Fox News is so pleased with the first year of its subscription streaming service Fox Nation that the network is setting bigger goals for the platform to appeal to both hardcore fans of the cable giant as well as newbies.
The company has not released subscription or revenue figures, but Fox Nation head John Finley told TheWrap the service has surpassed internal projections for sign-ups and trumpeted its 80% trial-to-subscription rate — higher than the industry standard — and a low churn rate of people unsubscribing.
Moreover, the service has added thousands of hours of content from Fox News regulars like Bret Baier Kat Timpf, Tomi Lahren and Judge Andrew Napolitano as well as an increasing amount of programming that might seem to fall outside the network’s wheelhouse. That includes Brian Kilmeade’s history show “What Made America Great,” travel series like Abby Hornacek’s “PARK’D,” Ed Henry’s sports-themed “Front Row Seat” and Ainsley Earhardt’s “Bible Study.”
“What we’re seeing is that a traditional Fox audience and a nontraditional Fox audience is embracing these sorts of programs that have Fox-centered values to them, but they aren’t political opinion programming in the traditional Fox News sense,” Finley said, likening the audience’s interest in nonpolitical shows to “escapism.”
One example of such nontraditional programming: a new cooking/travel show starring Isaiah Washington, the former “Grey’s Anatomy” star who was ousted from the ABC medical drama in 2007 after using a gay slur in a confrontation with a castmate (he later apologized).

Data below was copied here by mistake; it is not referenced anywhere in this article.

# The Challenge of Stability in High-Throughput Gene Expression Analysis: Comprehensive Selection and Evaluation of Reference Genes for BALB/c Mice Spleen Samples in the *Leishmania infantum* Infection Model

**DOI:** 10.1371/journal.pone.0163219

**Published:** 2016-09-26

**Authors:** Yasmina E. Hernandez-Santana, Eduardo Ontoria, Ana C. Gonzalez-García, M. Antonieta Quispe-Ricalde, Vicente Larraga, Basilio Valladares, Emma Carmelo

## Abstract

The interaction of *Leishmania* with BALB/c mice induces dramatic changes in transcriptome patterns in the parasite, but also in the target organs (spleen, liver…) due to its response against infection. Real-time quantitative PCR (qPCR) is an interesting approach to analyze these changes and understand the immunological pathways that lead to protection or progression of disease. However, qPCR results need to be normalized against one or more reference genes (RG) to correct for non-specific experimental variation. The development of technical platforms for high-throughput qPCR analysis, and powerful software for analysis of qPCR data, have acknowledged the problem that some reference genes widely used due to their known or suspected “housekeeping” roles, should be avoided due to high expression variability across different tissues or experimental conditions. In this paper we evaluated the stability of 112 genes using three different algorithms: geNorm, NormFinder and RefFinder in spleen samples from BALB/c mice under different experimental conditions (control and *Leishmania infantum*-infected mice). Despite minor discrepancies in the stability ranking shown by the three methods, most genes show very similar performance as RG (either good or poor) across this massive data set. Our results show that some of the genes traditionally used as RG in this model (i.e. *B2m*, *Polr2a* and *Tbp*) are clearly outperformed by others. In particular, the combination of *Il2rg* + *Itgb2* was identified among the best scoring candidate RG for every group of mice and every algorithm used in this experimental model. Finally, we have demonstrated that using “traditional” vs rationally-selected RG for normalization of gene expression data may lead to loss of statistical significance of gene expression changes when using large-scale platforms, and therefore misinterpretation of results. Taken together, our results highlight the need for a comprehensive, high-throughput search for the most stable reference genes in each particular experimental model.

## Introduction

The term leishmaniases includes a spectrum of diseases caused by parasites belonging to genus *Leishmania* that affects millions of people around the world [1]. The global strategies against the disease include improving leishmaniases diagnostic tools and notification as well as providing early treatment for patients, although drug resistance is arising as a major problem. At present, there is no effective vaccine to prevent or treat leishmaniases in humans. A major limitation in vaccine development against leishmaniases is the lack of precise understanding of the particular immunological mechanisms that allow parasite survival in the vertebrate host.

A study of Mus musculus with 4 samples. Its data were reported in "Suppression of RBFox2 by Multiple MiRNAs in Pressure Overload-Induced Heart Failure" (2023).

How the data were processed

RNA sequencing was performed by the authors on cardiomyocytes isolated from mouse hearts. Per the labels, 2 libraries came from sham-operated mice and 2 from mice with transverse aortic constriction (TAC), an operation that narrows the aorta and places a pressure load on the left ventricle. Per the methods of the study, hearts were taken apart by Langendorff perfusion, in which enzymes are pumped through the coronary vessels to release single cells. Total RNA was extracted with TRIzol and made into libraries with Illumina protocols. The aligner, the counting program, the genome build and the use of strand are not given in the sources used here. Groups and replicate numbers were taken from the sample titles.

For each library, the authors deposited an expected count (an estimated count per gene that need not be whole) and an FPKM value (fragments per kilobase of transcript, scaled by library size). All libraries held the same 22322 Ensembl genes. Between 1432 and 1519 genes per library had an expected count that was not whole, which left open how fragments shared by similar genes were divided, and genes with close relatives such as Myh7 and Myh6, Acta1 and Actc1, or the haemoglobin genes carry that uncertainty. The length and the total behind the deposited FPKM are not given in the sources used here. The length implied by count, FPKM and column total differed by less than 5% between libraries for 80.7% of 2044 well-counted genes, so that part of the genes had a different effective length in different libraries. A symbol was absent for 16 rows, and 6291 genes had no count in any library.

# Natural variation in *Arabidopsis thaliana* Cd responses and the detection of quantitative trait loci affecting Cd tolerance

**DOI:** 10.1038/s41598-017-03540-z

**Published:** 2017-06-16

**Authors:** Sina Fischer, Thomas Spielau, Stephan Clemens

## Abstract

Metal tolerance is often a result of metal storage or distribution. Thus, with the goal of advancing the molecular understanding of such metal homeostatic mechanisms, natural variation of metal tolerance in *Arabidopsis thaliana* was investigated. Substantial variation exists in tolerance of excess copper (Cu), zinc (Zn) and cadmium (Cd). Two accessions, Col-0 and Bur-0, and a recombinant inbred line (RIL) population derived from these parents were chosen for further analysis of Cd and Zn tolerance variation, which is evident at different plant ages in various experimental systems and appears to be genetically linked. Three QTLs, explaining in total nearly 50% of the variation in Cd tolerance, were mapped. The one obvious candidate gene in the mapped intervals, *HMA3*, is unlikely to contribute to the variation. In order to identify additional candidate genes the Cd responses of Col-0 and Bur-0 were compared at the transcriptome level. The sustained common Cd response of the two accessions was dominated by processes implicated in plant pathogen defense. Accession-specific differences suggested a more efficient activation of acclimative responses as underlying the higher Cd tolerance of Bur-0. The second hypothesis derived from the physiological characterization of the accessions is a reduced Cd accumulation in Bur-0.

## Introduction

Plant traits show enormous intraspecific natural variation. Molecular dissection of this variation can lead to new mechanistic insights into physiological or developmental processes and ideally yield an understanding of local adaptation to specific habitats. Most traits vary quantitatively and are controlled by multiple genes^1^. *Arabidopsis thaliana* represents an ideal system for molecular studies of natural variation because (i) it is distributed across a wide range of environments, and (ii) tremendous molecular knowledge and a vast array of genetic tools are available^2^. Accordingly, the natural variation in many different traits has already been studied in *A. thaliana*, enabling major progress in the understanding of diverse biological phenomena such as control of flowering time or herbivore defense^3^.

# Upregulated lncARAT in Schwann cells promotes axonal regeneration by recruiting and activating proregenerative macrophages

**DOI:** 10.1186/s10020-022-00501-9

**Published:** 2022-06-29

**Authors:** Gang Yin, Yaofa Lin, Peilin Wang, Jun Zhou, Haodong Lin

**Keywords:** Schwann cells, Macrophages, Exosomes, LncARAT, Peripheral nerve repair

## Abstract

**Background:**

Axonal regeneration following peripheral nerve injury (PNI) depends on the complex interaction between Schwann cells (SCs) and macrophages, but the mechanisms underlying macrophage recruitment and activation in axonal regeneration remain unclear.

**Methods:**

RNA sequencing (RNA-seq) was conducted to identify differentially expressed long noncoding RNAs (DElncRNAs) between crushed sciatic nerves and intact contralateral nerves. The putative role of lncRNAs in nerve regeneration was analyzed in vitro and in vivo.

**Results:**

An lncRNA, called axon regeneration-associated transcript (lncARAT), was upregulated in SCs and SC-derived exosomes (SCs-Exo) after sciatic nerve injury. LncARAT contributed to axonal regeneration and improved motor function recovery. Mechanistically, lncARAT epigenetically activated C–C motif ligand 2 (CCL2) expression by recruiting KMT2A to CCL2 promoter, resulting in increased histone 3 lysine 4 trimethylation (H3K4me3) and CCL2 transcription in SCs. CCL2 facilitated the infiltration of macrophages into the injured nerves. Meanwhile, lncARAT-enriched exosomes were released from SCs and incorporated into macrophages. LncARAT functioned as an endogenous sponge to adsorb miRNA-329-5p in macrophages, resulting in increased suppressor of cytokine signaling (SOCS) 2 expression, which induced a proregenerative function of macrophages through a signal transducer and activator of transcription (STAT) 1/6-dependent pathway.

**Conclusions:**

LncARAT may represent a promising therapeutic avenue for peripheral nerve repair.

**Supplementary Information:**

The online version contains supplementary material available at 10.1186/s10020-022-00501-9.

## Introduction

The untitled show, which has no premiere date set, will follow Washington as he travels the U.S. to cook meals with everyday Americans and celebrities inside their own kitchens. While cooking dishes from their family recipes, guests will chat about their cultures, traditions and the 2020 election.
Finley explained that the show came about after Washington gave a “wildly popular” Fox Nation interview in September about his decision not to identify with a political party. Following that interview, Finley said actor came to Fox Nation with “an idea for a talk show.”
Still, it’s an interesting hosting choice for the right-leaning Fox Nation audience since Washington has been outspoken about issues relating to police brutality, “America’s broken judicial system that is oppressing” people of color, and support of LBGTQ rights.
For regular Fox News personalities, the lighter tone of the streaming service’s programming has provided a welcome change of pace.
“Hopefully we can bring a little bit of fun, because, you know, you get your regular news every day and it can get a little overwhelming,” Fox Nation host Abby Hornacek said. “Fox Nation is kind of a reprieve from all of the intense stuff. We have so many varieties. If you like sports, you can watch sports shows. If you like history, you can watch history shows. If you like politics, you can watch political shows.”
In addition to “Park’d,” Hornacek hosts “American Arenas,” which goes inside sports venues, and “The Ride to Work,” which shows her driving various Fox talent to work. Earlier this month, she also hosted red-carpet coverage at Fox Nation’s Patriot Awards, an event honoring modern-day patriotism that helped raise $100,000 for the nonprofit Folds of Honor, which supports the families of fallen and disabled US. service members.